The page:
Competitive bidding analysis: Providers were dealt an impossible hand
On July 2, after months (or even years) of anticipation, HME providers, industry stakeholders and analysts finally learned what the results of a second bidding process would look like.
Unfortunately, it looked exactly as some prognosticators, including myself, had predicted. To steal a line from Van Miller, CMS essentially recreated a famous scene straight out of Butch Cassidy and the Sundance Kid. Bidders were put in the precarious position of standing on the side of a cliff with the "bad guy" chasing them down. They were forced to decide whether to stand there and let the bad guy kill them (bid "high" and lose their ability to bill Medicare) or jump of the cliff into a river hundreds of feet below with a minimal chance of survival (bid low, win a contract, and take the slim chance that it can be done).
I've been asked more times than I can count in the days following July 2, "How could the industry have bid itself to the point of a 32% reduction?" The answer: CMS created the perfect storm for suicide bidding. Consider these factors:
* The stakes are immeasurably high, and "Game Theory" principles prevailed.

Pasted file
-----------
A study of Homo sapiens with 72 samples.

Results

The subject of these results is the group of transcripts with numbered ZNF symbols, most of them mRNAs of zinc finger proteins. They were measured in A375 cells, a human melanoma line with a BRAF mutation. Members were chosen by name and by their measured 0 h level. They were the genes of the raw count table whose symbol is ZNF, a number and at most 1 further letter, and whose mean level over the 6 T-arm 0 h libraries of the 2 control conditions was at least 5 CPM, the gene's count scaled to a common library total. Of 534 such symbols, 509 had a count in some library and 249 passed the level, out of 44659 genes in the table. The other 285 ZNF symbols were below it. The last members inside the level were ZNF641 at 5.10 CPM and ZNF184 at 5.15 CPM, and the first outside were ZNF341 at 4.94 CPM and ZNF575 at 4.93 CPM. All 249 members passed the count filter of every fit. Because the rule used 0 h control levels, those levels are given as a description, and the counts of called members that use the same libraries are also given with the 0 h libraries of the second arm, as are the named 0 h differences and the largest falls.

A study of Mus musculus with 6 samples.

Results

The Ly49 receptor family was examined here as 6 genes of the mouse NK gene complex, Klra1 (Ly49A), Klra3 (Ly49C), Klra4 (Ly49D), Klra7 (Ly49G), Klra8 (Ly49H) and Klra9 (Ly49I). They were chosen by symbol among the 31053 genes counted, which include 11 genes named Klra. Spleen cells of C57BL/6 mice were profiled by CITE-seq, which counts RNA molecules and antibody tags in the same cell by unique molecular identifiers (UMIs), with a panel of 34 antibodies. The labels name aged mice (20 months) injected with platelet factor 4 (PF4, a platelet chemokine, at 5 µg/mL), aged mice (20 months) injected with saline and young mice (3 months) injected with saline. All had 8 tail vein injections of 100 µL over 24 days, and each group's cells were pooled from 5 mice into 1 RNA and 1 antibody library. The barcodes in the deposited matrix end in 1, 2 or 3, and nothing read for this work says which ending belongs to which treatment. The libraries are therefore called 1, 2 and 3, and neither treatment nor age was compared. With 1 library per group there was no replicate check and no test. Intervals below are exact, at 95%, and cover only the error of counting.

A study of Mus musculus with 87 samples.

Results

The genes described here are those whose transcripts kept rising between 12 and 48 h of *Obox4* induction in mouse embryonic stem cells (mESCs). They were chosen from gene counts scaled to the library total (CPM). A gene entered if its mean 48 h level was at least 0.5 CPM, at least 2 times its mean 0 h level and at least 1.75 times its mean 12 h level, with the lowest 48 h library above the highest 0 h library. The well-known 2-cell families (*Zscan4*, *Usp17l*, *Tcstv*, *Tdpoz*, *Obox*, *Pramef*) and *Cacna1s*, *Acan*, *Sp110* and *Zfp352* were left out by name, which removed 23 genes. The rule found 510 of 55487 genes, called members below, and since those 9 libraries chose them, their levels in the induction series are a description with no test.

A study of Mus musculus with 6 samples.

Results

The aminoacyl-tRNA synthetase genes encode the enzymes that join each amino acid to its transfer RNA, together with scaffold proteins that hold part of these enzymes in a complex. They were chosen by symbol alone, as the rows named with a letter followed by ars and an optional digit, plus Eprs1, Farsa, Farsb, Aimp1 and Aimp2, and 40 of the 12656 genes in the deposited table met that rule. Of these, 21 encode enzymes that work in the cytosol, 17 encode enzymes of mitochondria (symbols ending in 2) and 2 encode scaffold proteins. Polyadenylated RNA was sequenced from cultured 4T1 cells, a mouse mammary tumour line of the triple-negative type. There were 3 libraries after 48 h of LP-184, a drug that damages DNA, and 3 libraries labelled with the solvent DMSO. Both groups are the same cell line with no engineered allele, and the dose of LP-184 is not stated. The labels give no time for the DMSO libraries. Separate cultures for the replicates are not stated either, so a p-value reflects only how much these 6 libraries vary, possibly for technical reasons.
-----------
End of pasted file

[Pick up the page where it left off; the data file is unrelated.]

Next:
* Many knew the 26% cut announced in 2008 was skewed low by the fact that 49% of bidders were removed before their bids were considered for reasons other than price.
* Non-winners from 2008 went to extremes to ensure "winning."
* The median pricing format led bidders to believe their bids could be pulled up by other higher bidders.
Ultimately, all factors considered, some bidders elected to take that chance, jump over the cliff and submit suicide bids. That's certainly not to say that those who were "awarded" contracts used unscrupulous tactics, but that, from an analyst's standpoint, they were dealt an impossible hand.
Knowing that even the most efficient providers frequently operate only with net margins between 5% and 7%, the question is not "How can the winners survive?" but "What can we do now to get rid of this program?" Sure, contract providers will, undoubtedly, reduce service and quality to cut costs, but that can only go so far and last so long. Medicare patients will suffer, and providers will still find it impossible to reduce costs by 32%.
At these rates, regardless of the current viability of the "winners," CMS did not select enough providers to meet a soon-to-be rapidly growing Medicare population. CMS offered 17% more contracts this time around, but the numbers still appear to be insufficient to handle increasing demand. Furthermore, I've already spoken with a handful of providers who have contract offers on the table who have said that they have no intention of serving Medicare patients at those rates, and several others who have inquired about an "out clause" in their contracts. Legally, there is none.
As an industry, we now know exactly where we stand. Our next step can only be to continue to make our legislators, bureaucrats and Medicare patients understand the true value of the services we bring to the healthcare table, and help this program fall flat on its face. Get involved with your senators, congressperson and, maybe most importantly, local patient advocacy groups.
Alan Morris is a regulatory analyst for VGM & Associates. Reach him at 800-642-6065 or firstname.lastname@example.org.